Your 2018 inflation increase
December 14, 2017
The 2018 inflation rate is 1.6%. As announced earlier this year, all pension credit will receive 100% inflation protection for 2018.
In March 2017, the partners announced a preliminary $11.5 billion funding surplus. Some of this surplus is being used to fully restore cost-of-living increases for the portion of pensions earned after 2009. Here’s what this change means for your 2018 inflation increase:
- In January 2018, you’ll receive a pension increase equal to 100% of the annual increase.
- If you retired after 2009, your pension will be restored to the level it would be at if 100% inflation protection had been provided on January 1, 2017.
- If you retired in 2017, your first pension increase will be prorated from your last day of credit in 2017.
Let’s set the record straight on some of the myths surrounding inflation protection.
Pension credit earned after 2009 isn’t protected against inflation.
It depends on the plan’s funding status. The portion of your pension earned before 2010 will keep pace with annual increases in the CPI. The portion of your pension earned during 2010-2013 will receive at least 50% and up to 100% of the annual increase in CPI, and the portion of your pension earned after 2013 will receive from zero to 100% of the annual increase, depending on the plan’s funding status.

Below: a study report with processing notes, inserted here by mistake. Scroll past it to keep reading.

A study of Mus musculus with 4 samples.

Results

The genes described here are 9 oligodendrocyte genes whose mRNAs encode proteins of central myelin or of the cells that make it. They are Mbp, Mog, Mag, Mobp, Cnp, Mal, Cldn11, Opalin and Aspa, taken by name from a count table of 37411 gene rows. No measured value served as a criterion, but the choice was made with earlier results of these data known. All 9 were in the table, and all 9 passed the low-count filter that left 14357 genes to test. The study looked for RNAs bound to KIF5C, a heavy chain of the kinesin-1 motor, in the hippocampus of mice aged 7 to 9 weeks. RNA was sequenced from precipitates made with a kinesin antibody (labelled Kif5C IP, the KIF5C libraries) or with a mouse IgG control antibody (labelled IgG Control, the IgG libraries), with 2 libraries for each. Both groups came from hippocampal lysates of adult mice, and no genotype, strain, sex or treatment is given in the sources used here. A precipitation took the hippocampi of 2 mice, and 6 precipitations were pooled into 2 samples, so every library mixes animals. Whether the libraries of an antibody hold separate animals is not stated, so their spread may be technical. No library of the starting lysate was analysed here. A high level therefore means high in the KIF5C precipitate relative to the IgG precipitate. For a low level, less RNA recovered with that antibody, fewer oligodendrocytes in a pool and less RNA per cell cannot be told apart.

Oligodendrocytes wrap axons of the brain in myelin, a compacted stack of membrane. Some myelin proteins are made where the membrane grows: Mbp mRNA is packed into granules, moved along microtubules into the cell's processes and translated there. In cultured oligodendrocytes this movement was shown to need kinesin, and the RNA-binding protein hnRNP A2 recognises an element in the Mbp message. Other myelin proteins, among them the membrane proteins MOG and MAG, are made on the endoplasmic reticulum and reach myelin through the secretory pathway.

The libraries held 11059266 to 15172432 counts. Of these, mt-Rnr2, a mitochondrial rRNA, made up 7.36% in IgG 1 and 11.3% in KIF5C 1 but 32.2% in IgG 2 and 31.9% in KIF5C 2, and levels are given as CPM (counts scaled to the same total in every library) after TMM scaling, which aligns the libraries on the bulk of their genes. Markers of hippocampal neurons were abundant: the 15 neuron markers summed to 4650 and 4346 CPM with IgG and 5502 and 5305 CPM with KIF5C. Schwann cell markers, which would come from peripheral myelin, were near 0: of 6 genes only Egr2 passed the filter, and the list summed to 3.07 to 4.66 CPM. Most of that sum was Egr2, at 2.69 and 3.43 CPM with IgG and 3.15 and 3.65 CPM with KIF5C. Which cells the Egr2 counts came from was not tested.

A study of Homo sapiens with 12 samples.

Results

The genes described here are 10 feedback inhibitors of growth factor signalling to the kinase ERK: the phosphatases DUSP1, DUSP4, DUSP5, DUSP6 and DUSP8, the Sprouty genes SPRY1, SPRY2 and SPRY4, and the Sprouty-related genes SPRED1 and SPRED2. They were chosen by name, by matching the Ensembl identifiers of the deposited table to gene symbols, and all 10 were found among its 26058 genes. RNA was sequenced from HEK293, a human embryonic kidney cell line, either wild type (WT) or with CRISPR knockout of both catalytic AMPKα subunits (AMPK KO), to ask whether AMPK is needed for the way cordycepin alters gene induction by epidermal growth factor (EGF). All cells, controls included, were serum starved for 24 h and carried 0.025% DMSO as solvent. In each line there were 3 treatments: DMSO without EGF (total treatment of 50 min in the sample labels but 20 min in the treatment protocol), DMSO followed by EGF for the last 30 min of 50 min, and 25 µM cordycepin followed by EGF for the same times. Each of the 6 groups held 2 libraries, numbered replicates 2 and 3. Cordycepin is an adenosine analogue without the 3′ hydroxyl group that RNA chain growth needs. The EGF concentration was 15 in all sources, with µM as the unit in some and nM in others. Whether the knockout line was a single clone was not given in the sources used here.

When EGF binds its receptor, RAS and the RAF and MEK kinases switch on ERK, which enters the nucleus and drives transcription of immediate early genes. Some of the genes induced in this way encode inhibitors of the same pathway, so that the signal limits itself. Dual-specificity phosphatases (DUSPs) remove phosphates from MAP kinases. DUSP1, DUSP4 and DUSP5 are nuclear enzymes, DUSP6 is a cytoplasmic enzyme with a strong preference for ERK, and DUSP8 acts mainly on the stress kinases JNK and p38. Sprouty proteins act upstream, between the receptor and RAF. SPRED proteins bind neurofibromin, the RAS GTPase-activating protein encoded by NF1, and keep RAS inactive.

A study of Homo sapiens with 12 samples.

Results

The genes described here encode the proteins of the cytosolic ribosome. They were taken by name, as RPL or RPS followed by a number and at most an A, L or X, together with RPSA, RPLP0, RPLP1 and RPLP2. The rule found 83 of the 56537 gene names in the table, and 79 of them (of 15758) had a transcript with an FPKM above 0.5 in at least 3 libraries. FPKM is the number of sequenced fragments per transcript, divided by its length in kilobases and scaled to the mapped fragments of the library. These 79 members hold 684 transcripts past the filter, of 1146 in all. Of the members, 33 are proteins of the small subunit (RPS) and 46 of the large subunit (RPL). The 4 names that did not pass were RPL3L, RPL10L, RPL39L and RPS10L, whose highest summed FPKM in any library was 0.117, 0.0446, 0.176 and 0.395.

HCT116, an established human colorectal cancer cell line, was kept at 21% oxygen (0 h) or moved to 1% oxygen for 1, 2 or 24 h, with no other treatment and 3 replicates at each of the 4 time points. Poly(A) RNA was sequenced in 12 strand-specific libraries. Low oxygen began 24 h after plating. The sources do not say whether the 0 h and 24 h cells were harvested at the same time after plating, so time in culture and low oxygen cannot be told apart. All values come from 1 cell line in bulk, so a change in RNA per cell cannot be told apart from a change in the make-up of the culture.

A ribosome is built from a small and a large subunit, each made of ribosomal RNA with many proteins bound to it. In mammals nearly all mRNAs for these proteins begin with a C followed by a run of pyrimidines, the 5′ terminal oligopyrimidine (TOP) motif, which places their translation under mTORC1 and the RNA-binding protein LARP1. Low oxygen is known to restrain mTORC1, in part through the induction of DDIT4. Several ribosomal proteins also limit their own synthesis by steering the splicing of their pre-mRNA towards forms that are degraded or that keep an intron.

The ability for our plan partners to raise and lower inflation protection on post-2009 credit has helped to keep your plan strong. If all pensions received full inflation protection, we would’ve projected funding shortfalls. Instead, we’ve projected surpluses for the past four years.
I can bank inflation protection for future years. So, if inflation protection was 90% in 2017, then the service I earned in 2017 will always receive 90% inflation protection.
No, you can’t bank inflation protection. Every year we check our financial health to ensure we can pay pensions for your lifetime and beyond. Some years will be better than others. Our plan partners adjust inflation protection in times of funding surpluses and shortfalls. Without this ability to adjust inflation protection on post-2009 credit, we would’ve faced shortfalls totaling around $50 billion.
The partners have also used surpluses to make up for years you didn’t receive full inflation protection.
My pension will be reduced during periods of funding shortfalls.
Current Ontario legislation protects the value of pension benefits already earned by working and retired members. Under the Pension Benefits Act, whatever benefits you’ve accrued or earned to date in your career can’t be reduced.